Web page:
0 6 months ago

MANHATTAN District Attorney Cy Vance dropped the felony charge against a Black Lives Matter leader whose home was surrounded by the NYPD for hours on Friday.

Vance personally ordered the prosecutors to reduce the felony charge against Derrick Ingram, 28, to a misdemeanor assault, the New York Post reported.


Ingram turned himself in to the NYPD on Saturday morning after cops charged him with second-degree assault stemming from a June 14 incident.

NYPD spokesperson Sergeant Jessica McRorieMcRorie said Ingram struggled with a cop who tried to stop him from crossing a police barrier.

He is accused of putting the loud bullhorn against the cop’s ear, and screaming into it during a protest, causing hearing damage.

On Friday, the NYPD tried arresting Ingram at his home in the Manhattan neighborhood of Hell’s Kitchen.


Ingram, 28, streamed his standoff with the NYPD on Friday morning[/caption]

Outside of his apartment around 7am, police officers banged on his door with K-9s at their side, as a police helicopter flew overhead.

Per reports, the street was closed down by two dozen police vehicles, and some officers were dressed in riot gear.


Ingram told cops he wouldn’t let them in without a warrant[/caption]

Ingram refused to let any cops into his apartment without a warrant — and he streamed the encounter live on Instagram as it unfolded.

This prompted around 100 supporters to gather around his apartment building.

They chanted at cops: “Where’s your warrant?”

During his stream, Ingram questioned: “What did I do? What did I do?”

“I was born black, that’s what I did.”

“They’re going to mindf**k me, deprive me of food and sleep. I’m staying my black a** at home,” Ingram said, according to the Gothamist.


In Ingram’s stream, a cop could be heard saying: “Why don’t you be the warrior you state you are and come out and face the system?”

The New York Times reported the standoff went on for around six hours on Friday as Ingram spoke with his lawyers through Zoom.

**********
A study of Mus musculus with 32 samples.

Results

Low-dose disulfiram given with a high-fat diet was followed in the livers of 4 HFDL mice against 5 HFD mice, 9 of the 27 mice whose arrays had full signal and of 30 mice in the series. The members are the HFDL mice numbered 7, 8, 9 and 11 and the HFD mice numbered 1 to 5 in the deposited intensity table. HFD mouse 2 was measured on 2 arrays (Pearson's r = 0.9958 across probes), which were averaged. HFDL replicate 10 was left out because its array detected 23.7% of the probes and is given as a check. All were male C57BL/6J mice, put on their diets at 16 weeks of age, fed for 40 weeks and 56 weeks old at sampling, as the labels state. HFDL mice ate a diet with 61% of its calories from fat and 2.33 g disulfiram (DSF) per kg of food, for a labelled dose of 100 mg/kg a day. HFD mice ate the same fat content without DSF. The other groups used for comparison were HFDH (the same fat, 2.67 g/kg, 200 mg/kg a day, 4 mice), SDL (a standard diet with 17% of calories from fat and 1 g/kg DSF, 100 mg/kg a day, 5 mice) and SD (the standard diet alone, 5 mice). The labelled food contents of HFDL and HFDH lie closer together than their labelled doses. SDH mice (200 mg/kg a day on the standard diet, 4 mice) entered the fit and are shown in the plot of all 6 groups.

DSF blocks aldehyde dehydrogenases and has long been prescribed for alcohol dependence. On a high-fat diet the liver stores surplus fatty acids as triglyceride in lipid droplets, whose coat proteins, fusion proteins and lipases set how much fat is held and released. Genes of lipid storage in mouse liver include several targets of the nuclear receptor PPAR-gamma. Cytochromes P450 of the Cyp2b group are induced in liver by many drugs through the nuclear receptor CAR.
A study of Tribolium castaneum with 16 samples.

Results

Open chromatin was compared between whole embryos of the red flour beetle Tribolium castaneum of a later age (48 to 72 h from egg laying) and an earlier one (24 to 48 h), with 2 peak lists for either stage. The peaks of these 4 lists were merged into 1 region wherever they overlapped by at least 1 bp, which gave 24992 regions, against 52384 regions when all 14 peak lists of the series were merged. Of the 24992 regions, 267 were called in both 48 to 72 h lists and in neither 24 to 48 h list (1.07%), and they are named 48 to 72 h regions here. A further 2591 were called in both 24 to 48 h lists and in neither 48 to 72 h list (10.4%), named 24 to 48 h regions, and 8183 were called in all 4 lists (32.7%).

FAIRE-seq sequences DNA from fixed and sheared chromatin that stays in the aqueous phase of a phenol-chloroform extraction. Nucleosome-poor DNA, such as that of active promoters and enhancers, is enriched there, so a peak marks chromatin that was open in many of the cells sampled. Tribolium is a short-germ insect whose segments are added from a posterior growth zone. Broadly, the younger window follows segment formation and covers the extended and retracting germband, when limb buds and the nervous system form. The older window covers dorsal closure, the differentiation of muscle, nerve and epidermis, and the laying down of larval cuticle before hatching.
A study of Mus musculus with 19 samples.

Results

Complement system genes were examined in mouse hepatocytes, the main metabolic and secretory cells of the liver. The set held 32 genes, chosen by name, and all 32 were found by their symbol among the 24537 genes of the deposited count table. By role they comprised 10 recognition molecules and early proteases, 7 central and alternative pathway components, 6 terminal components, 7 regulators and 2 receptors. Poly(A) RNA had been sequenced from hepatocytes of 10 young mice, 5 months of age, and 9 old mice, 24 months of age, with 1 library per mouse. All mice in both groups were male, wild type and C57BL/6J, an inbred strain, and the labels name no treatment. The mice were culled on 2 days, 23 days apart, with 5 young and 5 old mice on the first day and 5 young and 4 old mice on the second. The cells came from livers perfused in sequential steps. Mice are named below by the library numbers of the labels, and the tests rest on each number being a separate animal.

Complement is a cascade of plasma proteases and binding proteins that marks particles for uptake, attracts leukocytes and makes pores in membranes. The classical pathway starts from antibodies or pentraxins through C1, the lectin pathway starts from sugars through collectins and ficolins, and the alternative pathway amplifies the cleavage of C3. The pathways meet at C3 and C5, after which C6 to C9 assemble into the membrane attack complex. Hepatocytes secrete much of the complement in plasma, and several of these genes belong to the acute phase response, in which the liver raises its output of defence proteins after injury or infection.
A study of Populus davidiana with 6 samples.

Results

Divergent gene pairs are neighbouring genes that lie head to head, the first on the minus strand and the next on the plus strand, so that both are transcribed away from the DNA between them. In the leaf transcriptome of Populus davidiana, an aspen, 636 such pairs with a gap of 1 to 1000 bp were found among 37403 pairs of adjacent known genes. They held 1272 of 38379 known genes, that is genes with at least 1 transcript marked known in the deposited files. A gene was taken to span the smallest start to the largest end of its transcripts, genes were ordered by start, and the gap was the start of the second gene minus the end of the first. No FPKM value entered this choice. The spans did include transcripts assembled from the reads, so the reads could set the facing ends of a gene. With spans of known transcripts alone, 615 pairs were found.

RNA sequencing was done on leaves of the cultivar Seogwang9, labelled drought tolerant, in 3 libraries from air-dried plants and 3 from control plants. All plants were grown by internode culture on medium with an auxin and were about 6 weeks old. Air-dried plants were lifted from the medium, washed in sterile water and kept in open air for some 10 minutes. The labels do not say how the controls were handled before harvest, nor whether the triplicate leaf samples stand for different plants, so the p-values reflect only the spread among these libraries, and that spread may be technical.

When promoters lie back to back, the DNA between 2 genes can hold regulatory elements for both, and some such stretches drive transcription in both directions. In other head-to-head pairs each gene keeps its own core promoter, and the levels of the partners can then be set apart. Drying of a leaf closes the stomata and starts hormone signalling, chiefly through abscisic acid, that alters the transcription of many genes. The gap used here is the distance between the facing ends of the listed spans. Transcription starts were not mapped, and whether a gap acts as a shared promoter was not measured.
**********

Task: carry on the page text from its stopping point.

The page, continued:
Around 1pm, cops left the scene — prompting outcry from police union heads — after NYPD Commissioner Dermot Shea reportedly told them to back down.

Ingram, alongside supporters and his lawyer, walked to the North Precinct in Midtown Manhattan on Saturday morning to turn himself in for a second-degree assault charge.


But Vance, a law enforcement source told the Post, “lowered the charge because he is afraid of the protesters.”

Instead of facing seven years in prison for felony assault, Ingram now faces little to no jail time if he’s convicted of the misdemeanor charge.

The 28-year-old was released from police custody on no bail on Saturday night, per the Post.

During Ingram’s march to the police precinct earlier in the day, he told his supporters: “I’m highly traumatized from everything from the drones, to the dogs, to the lies that have been told by the NYPD.

“I’m ready to make a change. I think we should focus our efforts on getting Commissioner Shea out of office. I think we need to focus on addressing the lawlessness of the NYPD, ending qualified immunity, and creating equity within this city.”

Ingram co-founded Warriors in the Garden, a group that was created following the death of George Floyd and helps organize peaceful protests across the city.

Following Friday’s events, the group accused police of “threats and intimidation tactics” to rattle Ingram, who they said has “no criminal history.”

“This was an attempt to silence our movement. This militarized police response endangers the safety of residents in Hell’s Kitchen and across NYC,” the group said.


Mayor Bill de Blasio’s office didn’t say whether the mayor agreed with the NYPD’s actions.

De Blasio, however, said in a statement to the Gothamist: “Commissioner Shea made the right decision to call off the operation.

“Assaulting an officer is unacceptable and will always lead to consequences, but arrests must be made properly.”

Police Benevolent Association President Pat Lynch said in a statement, per the Post: “The NYPD’s top brass better start talking: Who really issued the order to retreat?

“Who put police officers in the dangerous position of backing down in the face of an angry mob?”

Detectives’ Endowment Association President Paul DiGiacomo added: “By walking away from arresting a man who was wanted for previously assaulting a cop and backing down to an angry mob, the lives of detectives and their fellow cops were endangered and their valuable time was wasted.”